One of the most interesting paradoxes in America today is that Harvard University, the oldest institution of higher learning in the United States, is now engaged in a serious debate about what a university should be, and whether it is measuring up.
Like the Roman Catholic Church and other ancient institutions, it is asking - still in private rather than in public - whether its past assumptions about faculty, authority, admissions, courses of study, are really relevant to the problems of the 1990’s.
『Should Harvard or any other university be an intellectual sanctuary, apart from the political and social revolution of the age, or should it be a laboratory for experimentation with these political and social revolutions; or even an engine of the revolution? 』①This is what is being discussed privately in the big clapboard houses of faculty members around the Harvard Yard.
The issue was defined by Waiter Lippmann, a distinguished Harvard graduate, several years ago. “If the universities are to do their work,” he said, “they must be independent and they must be disinterested… They are places to which men can turn for judgements which are unbiased by partisanship and special interest. 『Obviously, the moment the universities fall under political control, or under the control of private interests, or the moment they themselves take a hand in politics and the leadership of government, their value as independent and disinterested sources of judgement is impaired.”』②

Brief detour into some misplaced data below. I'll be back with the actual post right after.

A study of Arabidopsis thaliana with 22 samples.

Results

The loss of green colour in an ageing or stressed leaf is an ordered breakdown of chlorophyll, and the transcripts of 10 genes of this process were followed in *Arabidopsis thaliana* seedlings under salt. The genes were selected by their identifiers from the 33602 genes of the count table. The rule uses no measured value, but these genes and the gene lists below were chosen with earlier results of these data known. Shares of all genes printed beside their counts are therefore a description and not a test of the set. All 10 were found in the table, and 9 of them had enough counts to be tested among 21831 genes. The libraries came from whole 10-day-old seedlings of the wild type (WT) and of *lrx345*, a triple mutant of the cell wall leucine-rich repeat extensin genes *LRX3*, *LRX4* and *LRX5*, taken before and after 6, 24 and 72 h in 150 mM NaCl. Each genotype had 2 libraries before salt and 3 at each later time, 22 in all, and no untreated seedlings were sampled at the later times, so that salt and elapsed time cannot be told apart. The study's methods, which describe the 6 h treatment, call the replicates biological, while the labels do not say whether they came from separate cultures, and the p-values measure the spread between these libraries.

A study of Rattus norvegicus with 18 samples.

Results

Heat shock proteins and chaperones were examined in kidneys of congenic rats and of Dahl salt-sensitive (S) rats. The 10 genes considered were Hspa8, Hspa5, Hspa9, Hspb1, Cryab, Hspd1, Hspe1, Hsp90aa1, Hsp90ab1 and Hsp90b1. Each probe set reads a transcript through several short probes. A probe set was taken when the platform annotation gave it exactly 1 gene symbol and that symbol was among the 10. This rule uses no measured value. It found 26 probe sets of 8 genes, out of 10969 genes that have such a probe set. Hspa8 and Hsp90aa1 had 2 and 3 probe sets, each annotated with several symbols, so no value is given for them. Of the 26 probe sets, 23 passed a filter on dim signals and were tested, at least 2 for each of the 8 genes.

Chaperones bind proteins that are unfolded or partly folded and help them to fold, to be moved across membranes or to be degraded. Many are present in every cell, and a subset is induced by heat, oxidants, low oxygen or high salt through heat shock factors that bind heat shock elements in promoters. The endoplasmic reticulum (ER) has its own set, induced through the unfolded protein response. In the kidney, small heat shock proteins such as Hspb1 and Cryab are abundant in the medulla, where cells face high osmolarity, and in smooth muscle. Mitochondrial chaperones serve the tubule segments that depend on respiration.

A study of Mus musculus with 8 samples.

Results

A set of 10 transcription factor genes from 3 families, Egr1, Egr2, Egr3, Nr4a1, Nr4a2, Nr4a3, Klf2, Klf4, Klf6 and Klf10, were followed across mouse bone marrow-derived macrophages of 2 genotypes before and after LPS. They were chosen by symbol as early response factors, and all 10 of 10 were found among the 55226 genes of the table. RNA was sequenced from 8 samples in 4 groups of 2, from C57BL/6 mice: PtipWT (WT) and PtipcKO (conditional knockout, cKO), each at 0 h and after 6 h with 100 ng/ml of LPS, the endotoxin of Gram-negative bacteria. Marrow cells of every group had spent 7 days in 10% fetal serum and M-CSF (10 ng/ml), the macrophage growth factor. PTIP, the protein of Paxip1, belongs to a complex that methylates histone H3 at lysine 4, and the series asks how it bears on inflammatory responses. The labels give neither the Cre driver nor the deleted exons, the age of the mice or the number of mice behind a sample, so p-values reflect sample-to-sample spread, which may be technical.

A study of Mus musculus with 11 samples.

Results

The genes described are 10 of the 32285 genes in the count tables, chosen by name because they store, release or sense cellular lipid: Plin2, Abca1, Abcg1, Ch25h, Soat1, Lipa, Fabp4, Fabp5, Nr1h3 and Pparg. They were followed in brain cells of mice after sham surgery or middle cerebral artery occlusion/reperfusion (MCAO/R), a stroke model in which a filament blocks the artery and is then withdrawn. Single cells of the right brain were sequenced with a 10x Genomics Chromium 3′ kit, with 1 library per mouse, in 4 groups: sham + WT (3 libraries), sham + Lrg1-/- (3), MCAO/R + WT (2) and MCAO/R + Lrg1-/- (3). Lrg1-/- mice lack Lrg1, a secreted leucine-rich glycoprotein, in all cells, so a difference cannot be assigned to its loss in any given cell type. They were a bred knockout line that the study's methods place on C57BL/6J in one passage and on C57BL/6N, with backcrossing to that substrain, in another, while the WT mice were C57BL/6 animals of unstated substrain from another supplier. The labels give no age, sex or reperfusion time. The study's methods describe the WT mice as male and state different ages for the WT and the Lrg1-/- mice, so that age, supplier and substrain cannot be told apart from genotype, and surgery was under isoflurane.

This is part of the argument that is going on at Harvard today. Another part is the argument of the militant and even many moderate students: that a university is the keeper of our ideals and morals, and should not be “disinterested” but activist in bringing the nation’s ideals and actions together.
Harvard’s men of today seem more troubled and less sure about personal, political and academic purpose than they did at the beginning. 『They are not even clear about how they should debate and resolve their problems, but they are struggling with them privately, and how they come out is bound to influence American university and political life in the1990’s.』.